By Bart Burger
During a period when an increasing number of sporting industries and activities are competing for the attention of time-starved and cash-strapped consumers, Americans are turning to a classic pastime – naming bowling the nation’s number-one participatory sport (activities that typically require more than one individual to be played). The findings, which are based on 2011 Simmons Research Data that analyzed consumer sentiment among more than 24,000 American adults, once again rank bowling as America’s Number 1 Participation Sport! Yes, Bowling!
With participation levels at nearly a quarter of the population (23 percent), bowling rolled by such popular sports and activities as basketball (17 percent), golf (13 percent), football (10 percent), baseball (11 percent) and soccer (9 percent) to secure the number-one ranking. In recent years, bowling has enjoyed a tremendous resurgence in popularity that has been fueled by the emergence of family entertainment bowling centers and increasing levels of participation among women and youth bowlers.
The tens of millions of Americans who bowl every year can’t be wrong – and there is no sport more inclusive, welcoming and fun and that has an appeal that spans all ages, backgrounds and genders. More and more Americans are discovering and rediscovering bowling as a wholesome and affordable experience. From adult organized play and youth leagues to birthday parties, singles nights and good old-fashioned family outings, bowling continues to be a top draw among Americans of all ages.
So, in an age when the “life cycle” of a product is becoming shorter and shorter with today’s ever-advancing technology, how has bowling been about to survive for literally 1,000s of years? In the spirit of full disclosure, when you ask the question about what sport is the most popular in viewership, then the results are much different. The Big Three (football, baseball and basketball) are by far America’s pastimes when it comes to watching. In fact, bowling doesn’t even make the list. However, when you talk about participation, none can claim the top spot other than bowling.
The result has led many family entertainment centers to include bowling as one of their core product offerings. Whether it is a new startup or an existing location, it is hard to ignore the participation numbers that bowling brings with it. I think all of us in the leisure, entertainment and recreation business understand basic human nature has us hard-wired with a need to play and recreate. We are all in the “experience” business.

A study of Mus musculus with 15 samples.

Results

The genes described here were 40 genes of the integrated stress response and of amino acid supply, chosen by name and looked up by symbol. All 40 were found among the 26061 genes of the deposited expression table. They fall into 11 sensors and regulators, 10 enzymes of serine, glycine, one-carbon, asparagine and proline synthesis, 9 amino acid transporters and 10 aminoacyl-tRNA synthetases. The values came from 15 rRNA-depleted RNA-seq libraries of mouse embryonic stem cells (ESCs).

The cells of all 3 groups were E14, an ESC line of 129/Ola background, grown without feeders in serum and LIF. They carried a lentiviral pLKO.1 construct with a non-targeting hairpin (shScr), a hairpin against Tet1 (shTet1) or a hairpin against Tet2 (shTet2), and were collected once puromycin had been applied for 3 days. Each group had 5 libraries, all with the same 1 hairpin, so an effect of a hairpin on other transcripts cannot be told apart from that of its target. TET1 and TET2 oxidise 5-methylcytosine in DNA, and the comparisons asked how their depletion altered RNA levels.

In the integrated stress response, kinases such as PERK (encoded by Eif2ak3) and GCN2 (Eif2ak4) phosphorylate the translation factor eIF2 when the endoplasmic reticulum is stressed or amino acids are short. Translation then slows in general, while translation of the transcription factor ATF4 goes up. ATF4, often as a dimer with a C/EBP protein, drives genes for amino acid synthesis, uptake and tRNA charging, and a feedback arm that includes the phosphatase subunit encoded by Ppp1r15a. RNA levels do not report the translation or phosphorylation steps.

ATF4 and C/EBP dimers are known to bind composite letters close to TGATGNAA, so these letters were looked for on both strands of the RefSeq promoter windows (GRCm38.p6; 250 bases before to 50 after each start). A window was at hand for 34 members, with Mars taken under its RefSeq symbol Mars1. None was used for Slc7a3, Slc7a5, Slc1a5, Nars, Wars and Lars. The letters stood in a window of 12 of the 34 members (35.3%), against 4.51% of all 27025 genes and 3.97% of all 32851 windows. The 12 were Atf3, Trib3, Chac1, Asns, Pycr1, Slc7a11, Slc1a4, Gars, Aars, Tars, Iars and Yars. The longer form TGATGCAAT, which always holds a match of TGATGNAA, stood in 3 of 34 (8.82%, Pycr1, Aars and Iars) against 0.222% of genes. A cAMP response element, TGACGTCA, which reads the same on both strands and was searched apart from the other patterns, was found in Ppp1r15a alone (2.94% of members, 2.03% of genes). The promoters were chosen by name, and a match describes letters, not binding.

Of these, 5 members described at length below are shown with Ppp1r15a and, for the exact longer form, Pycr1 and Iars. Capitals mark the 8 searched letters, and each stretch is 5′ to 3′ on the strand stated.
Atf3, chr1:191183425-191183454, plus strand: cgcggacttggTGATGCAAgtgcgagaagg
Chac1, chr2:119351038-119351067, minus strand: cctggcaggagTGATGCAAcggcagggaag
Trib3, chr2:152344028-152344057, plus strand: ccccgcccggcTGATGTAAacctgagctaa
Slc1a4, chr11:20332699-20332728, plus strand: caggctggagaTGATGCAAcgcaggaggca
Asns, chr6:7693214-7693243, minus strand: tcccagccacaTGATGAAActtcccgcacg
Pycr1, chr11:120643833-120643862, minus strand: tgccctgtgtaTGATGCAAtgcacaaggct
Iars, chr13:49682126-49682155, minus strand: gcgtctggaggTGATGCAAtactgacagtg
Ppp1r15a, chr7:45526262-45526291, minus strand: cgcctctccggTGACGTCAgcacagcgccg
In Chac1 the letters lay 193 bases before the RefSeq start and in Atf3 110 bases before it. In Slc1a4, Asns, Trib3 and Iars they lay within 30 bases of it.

The bowling experience is so simplistic is it brilliant. Bowling has virtually no barriers to entry and is truly a unique activity that anyone can do. At our industry’s national trade show this past June, Steven Foster, CEO and founder of Lucky Strike, spoke to the industry about the power of the bowling experience. Mr. Foster reaffirmed my belief of the basic human need to play and recreate. He went on to articulate the childlike experience that bowling brings participants, and the result of the happiness that follows regardless of the results. Though it is hard to explain, it is one of the only activities I know of that one can have poor results and still have a positive experience. And that happiness that the bowling experience brings should not be taken lightly. A study conducted at the Harvard Medical School proved that happiness is a collective, not just individual phenomenon.
Researchers from Harvard Medical School and the University of California San Diego found that happiness spreads through social networks like an emotional contagion, according to a study that looked at nearly 5,000 individuals over a period of 20 years. When an individual becomes happy, the network effect can be measured up to three degrees. One person’s happiness triggers a chain reaction that benefits not only his friends, but his friends’ friends and his friends’ friends’ friends. The effect can last for up to one year. Conversely, sadness does not spread through social networks as robustly as happiness.
Mr. Foster closed his keynote with the belief that bowling is the “Secret Sauce.” Thousands of years and millions of people has resulted in billions of moments of happiness courtesy of our great sport. Now you know the Secret Sauce!
(Bart Burger is the BPAA Vice President, Business Development. Reach him at firstname.lastname@example.org.)